A few years ago, I remember having an existential late-night conversation with a fellow music geek about how we each perceive music, visually. My mind always defaults to creating a clear narrative that goes with each song, but my friend’s tends more towards the abstract: colors, shapes, and images inspired by the music. And while neither of these approaches to thinking of music visually is wrong, per se—isn’t the subjective nature of experiencing art one of the most beautiful things about it?—some songs seem to lend themselves to one over the other.
Colin Stetson and Sarah Neufeld’s “The Rest of Us” is a perfect example of a song that evokes a vague image of movement and buildup rather than a clear story. Though that doesn’t mean it isn’t interesting to listen to. Stetson, a bass saxophonist, is known for creating complex, incredible sounds with his instrument (for example, sometimes he’s almost able to “talk” through the sax), as does Sarah Neufeld with her violin. They’re both incredibly talented musicians respectively, but when they collaborate, the result is something otherwordly that often isn’t recognizable as containing either violin or bass sax.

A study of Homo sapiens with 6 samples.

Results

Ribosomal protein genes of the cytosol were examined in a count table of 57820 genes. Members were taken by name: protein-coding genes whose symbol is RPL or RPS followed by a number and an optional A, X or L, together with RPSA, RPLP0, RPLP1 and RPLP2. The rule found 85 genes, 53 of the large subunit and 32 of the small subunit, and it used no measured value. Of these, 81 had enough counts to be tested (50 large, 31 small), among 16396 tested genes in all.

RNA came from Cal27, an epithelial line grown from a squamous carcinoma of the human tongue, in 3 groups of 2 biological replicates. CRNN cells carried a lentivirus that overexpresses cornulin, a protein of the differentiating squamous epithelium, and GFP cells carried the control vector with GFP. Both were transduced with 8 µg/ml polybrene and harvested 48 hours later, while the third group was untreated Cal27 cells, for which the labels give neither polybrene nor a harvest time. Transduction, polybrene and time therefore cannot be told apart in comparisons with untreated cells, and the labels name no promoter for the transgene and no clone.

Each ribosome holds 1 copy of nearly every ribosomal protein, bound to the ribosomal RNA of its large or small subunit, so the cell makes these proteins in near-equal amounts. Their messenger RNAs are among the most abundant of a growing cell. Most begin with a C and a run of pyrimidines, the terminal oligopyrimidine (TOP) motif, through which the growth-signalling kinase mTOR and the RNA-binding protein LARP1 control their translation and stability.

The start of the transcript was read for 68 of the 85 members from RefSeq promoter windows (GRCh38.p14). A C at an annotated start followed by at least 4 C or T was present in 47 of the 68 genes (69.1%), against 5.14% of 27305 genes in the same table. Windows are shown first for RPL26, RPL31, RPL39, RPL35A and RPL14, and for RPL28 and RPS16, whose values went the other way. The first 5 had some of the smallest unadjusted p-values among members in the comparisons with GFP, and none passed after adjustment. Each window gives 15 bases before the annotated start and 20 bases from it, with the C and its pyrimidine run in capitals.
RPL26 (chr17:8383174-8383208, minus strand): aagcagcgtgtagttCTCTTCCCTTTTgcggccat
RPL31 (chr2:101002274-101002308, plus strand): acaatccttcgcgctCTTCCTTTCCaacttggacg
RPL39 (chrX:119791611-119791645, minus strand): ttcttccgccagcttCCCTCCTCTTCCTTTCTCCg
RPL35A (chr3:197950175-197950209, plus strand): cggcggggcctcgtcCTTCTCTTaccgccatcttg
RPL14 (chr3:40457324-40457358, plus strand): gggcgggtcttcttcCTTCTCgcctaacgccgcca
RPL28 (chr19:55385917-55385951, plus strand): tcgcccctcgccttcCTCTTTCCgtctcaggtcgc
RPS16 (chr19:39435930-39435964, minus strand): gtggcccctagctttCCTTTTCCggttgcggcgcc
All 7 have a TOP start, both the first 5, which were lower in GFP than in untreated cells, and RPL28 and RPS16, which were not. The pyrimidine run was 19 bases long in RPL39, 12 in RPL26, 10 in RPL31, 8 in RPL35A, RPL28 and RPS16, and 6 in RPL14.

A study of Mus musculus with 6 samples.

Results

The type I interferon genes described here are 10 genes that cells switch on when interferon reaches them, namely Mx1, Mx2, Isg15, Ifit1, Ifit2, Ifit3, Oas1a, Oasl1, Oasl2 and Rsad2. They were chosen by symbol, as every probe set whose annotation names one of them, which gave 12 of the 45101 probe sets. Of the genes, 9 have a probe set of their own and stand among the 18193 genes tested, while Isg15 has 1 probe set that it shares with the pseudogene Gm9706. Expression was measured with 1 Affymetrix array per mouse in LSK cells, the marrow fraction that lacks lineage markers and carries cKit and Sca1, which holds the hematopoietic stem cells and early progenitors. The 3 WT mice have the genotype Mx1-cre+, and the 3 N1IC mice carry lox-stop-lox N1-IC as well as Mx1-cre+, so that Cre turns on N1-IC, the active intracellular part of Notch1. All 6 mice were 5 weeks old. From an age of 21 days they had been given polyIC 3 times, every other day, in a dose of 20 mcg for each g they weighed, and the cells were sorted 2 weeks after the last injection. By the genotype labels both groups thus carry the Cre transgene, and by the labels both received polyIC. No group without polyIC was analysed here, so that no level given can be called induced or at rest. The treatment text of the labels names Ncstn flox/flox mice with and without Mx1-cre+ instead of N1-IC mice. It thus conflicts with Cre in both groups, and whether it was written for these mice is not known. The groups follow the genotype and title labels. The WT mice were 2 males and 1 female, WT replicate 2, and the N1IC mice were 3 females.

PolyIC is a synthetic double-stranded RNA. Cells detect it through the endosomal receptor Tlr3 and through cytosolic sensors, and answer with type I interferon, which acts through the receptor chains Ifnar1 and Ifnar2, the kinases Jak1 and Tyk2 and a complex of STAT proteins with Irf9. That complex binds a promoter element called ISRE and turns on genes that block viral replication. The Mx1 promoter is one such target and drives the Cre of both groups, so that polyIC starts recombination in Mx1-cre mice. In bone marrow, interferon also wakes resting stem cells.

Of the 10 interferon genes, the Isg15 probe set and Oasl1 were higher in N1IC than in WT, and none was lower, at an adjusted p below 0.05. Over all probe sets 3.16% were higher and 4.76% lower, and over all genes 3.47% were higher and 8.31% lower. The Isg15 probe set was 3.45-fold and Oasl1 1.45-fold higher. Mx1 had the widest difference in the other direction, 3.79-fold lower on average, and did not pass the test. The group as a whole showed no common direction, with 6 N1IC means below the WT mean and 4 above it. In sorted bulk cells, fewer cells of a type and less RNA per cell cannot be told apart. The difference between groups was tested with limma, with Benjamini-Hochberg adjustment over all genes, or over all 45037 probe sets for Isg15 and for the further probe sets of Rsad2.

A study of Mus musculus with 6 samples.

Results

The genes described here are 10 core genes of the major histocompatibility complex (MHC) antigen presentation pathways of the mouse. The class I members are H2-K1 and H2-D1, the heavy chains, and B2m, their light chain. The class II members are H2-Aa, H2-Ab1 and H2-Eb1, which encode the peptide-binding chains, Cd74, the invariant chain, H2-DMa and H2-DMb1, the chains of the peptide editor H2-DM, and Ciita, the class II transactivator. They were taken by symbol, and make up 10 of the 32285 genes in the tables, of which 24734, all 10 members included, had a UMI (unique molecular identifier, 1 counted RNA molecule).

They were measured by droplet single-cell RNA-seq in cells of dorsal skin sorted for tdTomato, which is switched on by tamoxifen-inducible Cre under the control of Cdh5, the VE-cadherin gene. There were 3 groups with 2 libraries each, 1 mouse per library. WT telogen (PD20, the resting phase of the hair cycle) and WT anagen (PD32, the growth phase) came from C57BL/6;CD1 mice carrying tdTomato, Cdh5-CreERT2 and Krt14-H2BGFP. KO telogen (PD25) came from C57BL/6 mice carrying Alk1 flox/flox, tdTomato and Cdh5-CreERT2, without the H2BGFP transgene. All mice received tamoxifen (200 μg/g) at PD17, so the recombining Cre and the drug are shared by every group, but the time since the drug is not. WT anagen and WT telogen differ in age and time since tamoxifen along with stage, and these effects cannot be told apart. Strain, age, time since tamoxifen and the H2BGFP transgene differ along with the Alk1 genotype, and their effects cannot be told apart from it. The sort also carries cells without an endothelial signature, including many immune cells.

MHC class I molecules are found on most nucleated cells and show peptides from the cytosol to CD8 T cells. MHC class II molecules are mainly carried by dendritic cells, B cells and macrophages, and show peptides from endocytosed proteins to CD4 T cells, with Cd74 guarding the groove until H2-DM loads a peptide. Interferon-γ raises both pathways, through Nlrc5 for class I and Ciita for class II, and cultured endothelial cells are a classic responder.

“The Rest of Us” contains brief glimpses into moments of movement—moments before a change, a disruption that we never see. There’s a woman running in a frozen mountain valley, about to start a fire. There’s a wolf on the run. A woman dresses in a bejeweled skin-tone suit and goes out to impress the audience on stage. A woman runs through a brush-covered desert. A pair of hunters fire their bullets (at the wolf?) but we never see the result, just a bullet flying, and then flying backwards into the gun. The video for “The Rest of Us” is an exploration of that “just before” moment, when your heart races wildly as you await an outcome. (It’s especially fitting that a heartbeat, a pounding drumbeat, accompanies the instrumentation on this track).
Watch the video below. The track comes from the newly dropped Never Were the Way She Was LP, released by Constellation Records.